In aero-engines, the blade of the high pressure turbine was for a long time the highest of the high technology in the aero gas turbine, and despite the complexity of the modern fan blade, the challenge it provides does not reduce. The ability to run at increasingly high gas temperatures has resulted from a combination of material improvements and the development of more sophisticated arrangements for internal and external cooling (figure 1).
Figure 1. Schematic of a gas turbine engine.
A modern turbine blade alloy is complex in that it contains up to ten significant alloying elements, but its microstructure is very simple. The structure is analogous to an `Inca wall', which consisted of rectangular blocks of stone stacked in a regular array with narrow bands of cement to hold them together.
In the alloy case the `blocks' are an intermetallic compound with the approximate composition Ni3(Al,Ta), whereas the `cement' is a nickel solid solution containing chromium, tungsten and rhenium.
Superalloys have always contained phases of this type, but in recent years the titanium in the original intermetallic has been replaced by tantalum. This change gave improved high temperature strength, and also improved oxidation resistance. However, the biggest change has occurred in the nickel, where high levels of tungsten and rhenium are present. These elements are very effective in solution strengthening.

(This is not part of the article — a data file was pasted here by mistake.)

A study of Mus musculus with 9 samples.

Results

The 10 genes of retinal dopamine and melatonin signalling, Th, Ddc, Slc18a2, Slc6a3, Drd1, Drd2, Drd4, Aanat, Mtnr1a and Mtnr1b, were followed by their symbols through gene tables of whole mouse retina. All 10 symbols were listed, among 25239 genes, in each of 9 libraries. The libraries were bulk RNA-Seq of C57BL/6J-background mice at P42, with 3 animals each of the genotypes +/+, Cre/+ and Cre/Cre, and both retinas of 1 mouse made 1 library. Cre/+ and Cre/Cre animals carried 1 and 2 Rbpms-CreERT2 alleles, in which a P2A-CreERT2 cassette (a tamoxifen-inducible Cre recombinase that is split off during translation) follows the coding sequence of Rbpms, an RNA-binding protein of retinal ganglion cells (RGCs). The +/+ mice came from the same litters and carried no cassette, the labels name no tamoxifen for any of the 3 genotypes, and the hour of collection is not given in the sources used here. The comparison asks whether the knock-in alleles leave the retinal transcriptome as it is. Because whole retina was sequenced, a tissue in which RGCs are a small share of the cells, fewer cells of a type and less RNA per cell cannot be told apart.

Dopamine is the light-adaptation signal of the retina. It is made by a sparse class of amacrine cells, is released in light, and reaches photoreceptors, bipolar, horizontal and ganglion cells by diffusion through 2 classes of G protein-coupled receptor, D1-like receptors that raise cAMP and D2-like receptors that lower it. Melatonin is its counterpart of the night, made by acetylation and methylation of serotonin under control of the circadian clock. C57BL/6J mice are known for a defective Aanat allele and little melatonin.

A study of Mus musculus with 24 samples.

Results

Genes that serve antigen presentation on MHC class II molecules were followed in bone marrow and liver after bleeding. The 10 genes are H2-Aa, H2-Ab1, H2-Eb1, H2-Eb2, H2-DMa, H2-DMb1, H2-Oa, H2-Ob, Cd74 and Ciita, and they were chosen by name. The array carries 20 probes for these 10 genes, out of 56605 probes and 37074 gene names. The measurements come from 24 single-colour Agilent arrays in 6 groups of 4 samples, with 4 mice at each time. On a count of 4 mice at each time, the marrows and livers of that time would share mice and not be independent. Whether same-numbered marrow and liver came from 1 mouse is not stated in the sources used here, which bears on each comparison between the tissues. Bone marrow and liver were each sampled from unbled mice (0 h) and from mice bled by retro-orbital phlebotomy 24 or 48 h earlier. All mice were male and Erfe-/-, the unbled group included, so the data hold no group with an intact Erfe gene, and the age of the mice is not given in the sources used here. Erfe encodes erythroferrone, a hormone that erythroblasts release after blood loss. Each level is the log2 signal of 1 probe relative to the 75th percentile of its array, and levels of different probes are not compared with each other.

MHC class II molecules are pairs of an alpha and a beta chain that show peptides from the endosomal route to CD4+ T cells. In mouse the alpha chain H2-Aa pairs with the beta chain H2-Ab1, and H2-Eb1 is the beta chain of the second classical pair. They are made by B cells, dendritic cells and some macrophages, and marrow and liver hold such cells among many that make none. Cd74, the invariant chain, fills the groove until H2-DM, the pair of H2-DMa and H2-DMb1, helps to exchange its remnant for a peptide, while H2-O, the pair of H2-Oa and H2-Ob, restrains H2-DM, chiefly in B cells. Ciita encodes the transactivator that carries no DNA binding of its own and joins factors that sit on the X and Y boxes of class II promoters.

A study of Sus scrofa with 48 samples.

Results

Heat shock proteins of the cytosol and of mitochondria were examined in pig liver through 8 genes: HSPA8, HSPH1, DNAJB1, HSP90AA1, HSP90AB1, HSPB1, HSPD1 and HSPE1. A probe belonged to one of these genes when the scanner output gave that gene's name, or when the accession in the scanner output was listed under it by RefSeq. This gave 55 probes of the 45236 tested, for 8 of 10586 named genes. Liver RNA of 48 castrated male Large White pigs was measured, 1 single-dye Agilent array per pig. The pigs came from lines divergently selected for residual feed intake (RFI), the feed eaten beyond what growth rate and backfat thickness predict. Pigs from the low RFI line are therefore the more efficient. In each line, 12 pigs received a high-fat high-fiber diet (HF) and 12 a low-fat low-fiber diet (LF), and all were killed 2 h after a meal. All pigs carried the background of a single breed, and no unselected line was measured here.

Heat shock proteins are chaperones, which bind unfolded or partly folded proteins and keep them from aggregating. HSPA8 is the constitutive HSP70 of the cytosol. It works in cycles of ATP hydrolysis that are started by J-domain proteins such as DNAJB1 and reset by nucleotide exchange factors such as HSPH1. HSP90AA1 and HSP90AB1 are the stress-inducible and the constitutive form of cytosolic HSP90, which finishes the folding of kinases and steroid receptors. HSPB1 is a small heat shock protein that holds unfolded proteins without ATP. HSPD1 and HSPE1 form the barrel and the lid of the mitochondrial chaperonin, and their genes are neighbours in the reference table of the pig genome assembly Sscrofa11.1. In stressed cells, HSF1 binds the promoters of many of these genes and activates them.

Since the 1950’s, the evolution from wrought to conventionally cast to directionally solidified to single crystal turbine blades has yielded a 250°C increase in allowable metal temperatures, and cooling developments have nearly doubled this in terms of turbine entry gas temperature. An important recent contribution has come from the alignment of the alloy grain in the single crystal blade, which has allowed the elastic properties of the material to be controlled more closely. These properties in turn control the natural vibration frequencies of the blade.
If metallurgical development can be exploited by reducing the cooling air quantity this is a potentially important performance enhancer, as for example, the Rolls-Royce Trent 800 engine uses 5% of compressor air to cool its row of high pressure turbine blades. The single crystal alloy, RR3000, is able to run about 35°C hotter than its predecessor. This may seem a small increase, but it has allowed the Trent intermediate pressure turbine blade to remain uncooled.